New Noninvasive Device Could Control Diabetes
Intestinal liner leads to significant drops in blood sugar levels, researcher says WEDNESDAY, Sept. 17 (HealthDay News) -- Early trials of a new implantable, and removable, intestinal liner have shown promise as a noninvasive means to promote blood sugar control and weight loss.
In contrast to well-established invasive procedures like gastric bypass surgery, the application of the liner does not involve a scalpel. Rather, a doctor inserts it into a patient's small intestine through the mouth in a procedure known as endoscopy.
Once placed, it creates a physical barrier between incoming food and the intestinal wall, thereby altering the way food moves through, and gets processed by, the digestive system.
"Over the last few years, we've learned how effective bariatric surgery can be," explained study author Dr. Lee Kaplan. "But surgery is invasive, and because it has significant side effects in a small percentage of patients, it would be nice to come up with noninvasive things that can work effectively along the same principles of surgery. And this device does that."
The findings were presented Wednesday at the First World Congress on Interventional Therapies for Type 2 Diabetes, in New York City. Kaplan cited the results of extensive animal research alongside several small patient studies to indicate that the device, called the EndoBarrier Gastrointestinal Liner, appears to be effective at both quickly reducing blood glucose levels and shrinking the waistline.
"Our earlier animal data was convincing and conclusive, and proved that the concept works," he said during a news conference. "And now this preliminary work with a small group of people appears to be completely consistent with what we've seen in animals -- namely, it has a very dramatic effect in terms of improving diabetes and a good, although not quite as dramatic effect, in terms of weight loss."
Kaplan is a gastroenterologist and associate professor of medicine at Harvard Medical School, as well as director of the Massachusetts General Hospital Weight Center in Boston. He noted that he has no investment in the marketing or capitalizing of the device. However, his current research is funded by a grant from the device's Massachusetts-based manufacturer, GI Dynamics, for whom Kaplan serves as a consultant.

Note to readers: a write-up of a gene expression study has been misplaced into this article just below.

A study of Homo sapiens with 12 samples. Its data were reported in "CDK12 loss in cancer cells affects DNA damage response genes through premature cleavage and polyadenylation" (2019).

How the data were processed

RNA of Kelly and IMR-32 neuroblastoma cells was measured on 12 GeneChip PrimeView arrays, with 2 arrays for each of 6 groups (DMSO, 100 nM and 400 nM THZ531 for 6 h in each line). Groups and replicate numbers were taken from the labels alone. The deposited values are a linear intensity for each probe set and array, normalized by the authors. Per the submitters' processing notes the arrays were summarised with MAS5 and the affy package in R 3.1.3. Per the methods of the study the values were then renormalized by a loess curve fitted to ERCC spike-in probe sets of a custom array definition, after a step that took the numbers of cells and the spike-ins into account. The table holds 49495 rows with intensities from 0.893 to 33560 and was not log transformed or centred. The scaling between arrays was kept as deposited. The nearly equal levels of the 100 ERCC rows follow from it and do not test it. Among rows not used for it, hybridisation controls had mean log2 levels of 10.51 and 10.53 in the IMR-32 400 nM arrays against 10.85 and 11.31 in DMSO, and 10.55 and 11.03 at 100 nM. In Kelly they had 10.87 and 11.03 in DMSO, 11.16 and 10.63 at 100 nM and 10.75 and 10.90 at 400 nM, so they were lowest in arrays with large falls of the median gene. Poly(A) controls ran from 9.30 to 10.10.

To indicate the enormity of public health concern over diabetes, Kaplan and his colleagues shared 2007 statistics issued by the U.S. Centers for Disease Control and Prevention, which estimate that 23.5 million Americans are diabetic, of whom 90 percent to 95 percent have type 2 diabetes.
At the meeting, Kaplan noted that 118 patients have been outfitted with the liner, in trials conducted in Chile, the Netherlands and the United States.
Today's announcement focused on the results of one of those trials, involving 18 type 2 diabetes patients, 12 of whom received the liner and six of whom received a so-called "sham endoscopy.
After tracking patients post-implant for an average of 31 weeks, the authors determined that average blood glucose levels fell approximately three to four times more steeply among patients receiving the actual implant as opposed to those who received nothing.
This findings build upon an earlier analysis of the same patient group -- announced this past June -- which indicated that blood sugar control rapidly improved post-implant in as little as one week.
At the same time, patients were found to have lost an average of 27.5 pounds by the 30-week point --an achievement described as "slightly less dramatic an effect" when compared with the device's impact on glucose levels.
However, the researchers noted that improvements in blood sugar control appeared to occur independently of weight loss --indicating that the device has a direct beneficial impact on diabetes status, regardless of how well it sloughs off the pounds.
"This is just one model of the types of endoscopic devices that we are going to see in the future," Kaplan said at the meeting, and he noted that his research team plans to launch larger, long-term trials to further explore this particular mechanism's potential.
"I'm optimistic," said Kaplan. "This is one of the more promising devices. But we're at least a few years away from FDA approval, and this is just an early development phase."
For his part, Dr. Samuel Klein, director of the Center for Human Nutrition at Washington University School of Medicine in St. Louis, agreed that more investigation is needed.
"I know the device well," he said. "And certainly the fact that we now know that the gastrointestinal tract has a profound influence on both regulating food intake as well as potentially regulating metabolic control brings gastroenterology, as well gastrointestinal devices, into the forefront of metabolic therapy."
"But whether this particular device actually works in humans is yet to be determined," Klein cautioned. "And nothing short of randomized control trials will be acceptable to determine its efficacy. That will be the proof in the pudding."